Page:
For those who think I will be celebrating along with them—think again.
I have been accused of being a Heat fan so many times, I was starting to wonder if I wrote an article declaring that in the past. If you saw me watching a Heat game against OKC, or Boston—or whichever team they were playing—you would know that was not the case.
If cursing at the screen every time the Heat get away with a foul or complain to the officials means I'm a fan of theirs—then so be it.
I do like Oklahoma City, but I mentioned I was also rooting for Boston to beat the Heat. They're far from my favorite team.
Since the impossible will have to happen for Miami not to win, I have resigned myself to the fact the inevitable will happen—probably tonight.
As soon as I see the final seconds ticking down, knowing that OKC cannot win, I will be changing the channel. I don't need to see the expressions on the faces of LeBron James and Dwyane Wade as the two Heat stars whoop it up.
I don't want to see their happiness because I don't think they really deserve it. I don't like the way they conspired together to win a title. I believe in building a team the old-fashioned way—kind of like the way the Bulls did when they won their titles.
This new trend of superstars coming together to form super teams is not my idea of something that is good for the league—though it does give you a real villain to root against.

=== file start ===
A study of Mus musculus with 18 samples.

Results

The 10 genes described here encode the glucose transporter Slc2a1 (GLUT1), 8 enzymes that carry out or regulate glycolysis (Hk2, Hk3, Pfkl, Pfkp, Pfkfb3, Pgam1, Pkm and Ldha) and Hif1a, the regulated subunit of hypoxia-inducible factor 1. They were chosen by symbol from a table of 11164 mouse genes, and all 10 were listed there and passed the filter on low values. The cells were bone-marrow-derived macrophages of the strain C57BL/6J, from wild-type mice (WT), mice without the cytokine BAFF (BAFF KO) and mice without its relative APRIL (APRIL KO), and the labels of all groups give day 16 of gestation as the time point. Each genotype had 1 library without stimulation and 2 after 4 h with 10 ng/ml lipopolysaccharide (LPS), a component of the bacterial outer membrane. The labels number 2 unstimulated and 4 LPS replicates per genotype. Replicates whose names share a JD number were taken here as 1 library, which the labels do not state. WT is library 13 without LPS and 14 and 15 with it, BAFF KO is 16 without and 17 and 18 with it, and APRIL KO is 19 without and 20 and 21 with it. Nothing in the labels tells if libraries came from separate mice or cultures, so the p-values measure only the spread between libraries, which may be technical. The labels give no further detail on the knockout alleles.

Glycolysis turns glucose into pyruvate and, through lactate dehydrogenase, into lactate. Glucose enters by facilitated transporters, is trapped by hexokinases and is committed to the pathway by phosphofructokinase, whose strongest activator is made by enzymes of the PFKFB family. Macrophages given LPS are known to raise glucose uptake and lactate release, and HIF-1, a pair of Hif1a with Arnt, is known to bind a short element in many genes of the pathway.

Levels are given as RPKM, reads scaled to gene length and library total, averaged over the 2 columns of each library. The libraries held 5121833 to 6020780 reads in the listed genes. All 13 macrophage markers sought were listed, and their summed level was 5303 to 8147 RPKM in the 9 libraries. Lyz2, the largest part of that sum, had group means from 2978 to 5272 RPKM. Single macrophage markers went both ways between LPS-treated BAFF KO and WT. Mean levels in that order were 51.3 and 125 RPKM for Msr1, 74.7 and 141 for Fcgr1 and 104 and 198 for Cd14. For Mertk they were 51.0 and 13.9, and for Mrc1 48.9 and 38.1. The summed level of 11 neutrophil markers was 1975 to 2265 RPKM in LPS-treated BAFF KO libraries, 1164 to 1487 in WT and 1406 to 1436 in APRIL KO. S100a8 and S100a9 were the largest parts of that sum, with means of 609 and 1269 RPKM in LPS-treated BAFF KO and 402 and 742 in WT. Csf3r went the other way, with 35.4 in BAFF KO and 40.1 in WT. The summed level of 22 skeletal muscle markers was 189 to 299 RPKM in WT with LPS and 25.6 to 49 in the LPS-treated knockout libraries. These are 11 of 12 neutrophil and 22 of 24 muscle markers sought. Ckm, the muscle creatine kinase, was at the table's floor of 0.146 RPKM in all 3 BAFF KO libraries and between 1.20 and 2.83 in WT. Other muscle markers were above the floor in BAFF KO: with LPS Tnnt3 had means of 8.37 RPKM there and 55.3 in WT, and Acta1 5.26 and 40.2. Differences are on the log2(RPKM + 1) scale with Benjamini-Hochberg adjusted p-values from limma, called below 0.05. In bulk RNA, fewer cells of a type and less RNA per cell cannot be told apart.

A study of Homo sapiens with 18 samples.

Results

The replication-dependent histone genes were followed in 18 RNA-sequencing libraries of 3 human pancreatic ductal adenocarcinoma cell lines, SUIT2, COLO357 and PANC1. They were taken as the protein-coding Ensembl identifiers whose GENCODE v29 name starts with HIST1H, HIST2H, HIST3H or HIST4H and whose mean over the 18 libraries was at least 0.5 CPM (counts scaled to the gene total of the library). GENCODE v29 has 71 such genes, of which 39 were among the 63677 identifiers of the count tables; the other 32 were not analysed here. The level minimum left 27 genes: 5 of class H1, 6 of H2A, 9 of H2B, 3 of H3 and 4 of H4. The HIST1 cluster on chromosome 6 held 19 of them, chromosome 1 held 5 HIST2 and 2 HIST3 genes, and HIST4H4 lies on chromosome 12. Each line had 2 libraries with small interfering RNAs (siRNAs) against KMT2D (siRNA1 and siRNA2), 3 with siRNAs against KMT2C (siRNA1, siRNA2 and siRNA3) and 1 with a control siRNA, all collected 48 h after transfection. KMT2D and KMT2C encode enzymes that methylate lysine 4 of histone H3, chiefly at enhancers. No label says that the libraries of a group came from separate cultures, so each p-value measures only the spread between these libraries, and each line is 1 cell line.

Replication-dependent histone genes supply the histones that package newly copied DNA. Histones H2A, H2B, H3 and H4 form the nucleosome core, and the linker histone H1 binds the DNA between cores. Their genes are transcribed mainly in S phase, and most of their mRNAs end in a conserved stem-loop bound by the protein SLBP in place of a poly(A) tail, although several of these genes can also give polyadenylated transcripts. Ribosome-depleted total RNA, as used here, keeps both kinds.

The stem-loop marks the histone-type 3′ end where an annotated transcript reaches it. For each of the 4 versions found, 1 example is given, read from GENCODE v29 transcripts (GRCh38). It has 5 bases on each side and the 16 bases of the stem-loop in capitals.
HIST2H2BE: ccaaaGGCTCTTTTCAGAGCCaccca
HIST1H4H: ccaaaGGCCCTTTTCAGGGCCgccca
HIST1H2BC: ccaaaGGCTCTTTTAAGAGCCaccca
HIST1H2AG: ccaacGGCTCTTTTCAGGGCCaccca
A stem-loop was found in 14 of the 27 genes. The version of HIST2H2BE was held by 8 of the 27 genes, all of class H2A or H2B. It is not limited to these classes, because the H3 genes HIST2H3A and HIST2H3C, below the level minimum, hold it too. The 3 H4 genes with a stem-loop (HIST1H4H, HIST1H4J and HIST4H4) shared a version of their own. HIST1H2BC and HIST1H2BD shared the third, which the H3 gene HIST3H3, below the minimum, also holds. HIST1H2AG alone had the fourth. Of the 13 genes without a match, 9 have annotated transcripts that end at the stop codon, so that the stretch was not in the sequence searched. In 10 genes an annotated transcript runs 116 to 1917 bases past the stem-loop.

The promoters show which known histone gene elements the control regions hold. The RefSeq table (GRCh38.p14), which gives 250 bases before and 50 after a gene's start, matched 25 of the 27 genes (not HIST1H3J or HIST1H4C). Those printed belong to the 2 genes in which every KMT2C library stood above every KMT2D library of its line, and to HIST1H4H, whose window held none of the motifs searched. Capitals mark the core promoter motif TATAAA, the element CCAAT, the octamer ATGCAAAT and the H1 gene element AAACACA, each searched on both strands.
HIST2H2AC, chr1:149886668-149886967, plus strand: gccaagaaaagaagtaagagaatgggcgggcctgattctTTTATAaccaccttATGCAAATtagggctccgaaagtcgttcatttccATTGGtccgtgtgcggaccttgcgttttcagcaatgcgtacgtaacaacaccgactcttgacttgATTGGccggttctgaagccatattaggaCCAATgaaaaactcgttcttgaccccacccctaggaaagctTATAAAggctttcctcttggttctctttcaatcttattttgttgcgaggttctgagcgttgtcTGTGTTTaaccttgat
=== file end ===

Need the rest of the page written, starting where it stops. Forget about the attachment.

I thought there were some calls in the series that went Miami's way. They always seem to get the benefit of the doubt from the officials. It's hard enough playing straight up against the Heat, but when you add three officials into the mix, the odds of beating them become almost insurmountable.
Some players stepped up for Miami aside from the stars. Shane Battier didn't have much of an impact during the season, but he hit several huge threes against OKC as he did in the close-out game against Boston. Mario Chalmers also came up big in Game 4.
Miami couldn't have won without those performances, and it is on the verge of winning its second title—its first since its own version of the Big Three formed before the 2010-11 season.
The bad news for Chicago Bulls fans is that it probably won't be Miami's last. With Rose out for a good portion of the next season, Miami has a clear path to the finals next year, too. Nobody else is good enough to compete with them in the East.
Before the season, in my preseason preview for the Bulls, I picked Miami to beat the Thunder in six games for the championship.
Even though I was hoping to be wrong, it looks like I was right.
Now there is talk that the Bulls need to break up the team and start over. What seemed like such a promising future is falling apart.
I said all along Miami would be better this year, but nobody wanted to hear it. Do you think the Heat are not going to continue to get better?
They still have weaknesses at the center position and point guard. Don't you think they will attract veterans looking for a ring just like the Bulls did in the late '90s?
Has the window closed on this Chicago Bulls team?
How are you going to feel when the Heat are popping champagne bottles?
If that's not enough to make you sick, just think of what's ahead.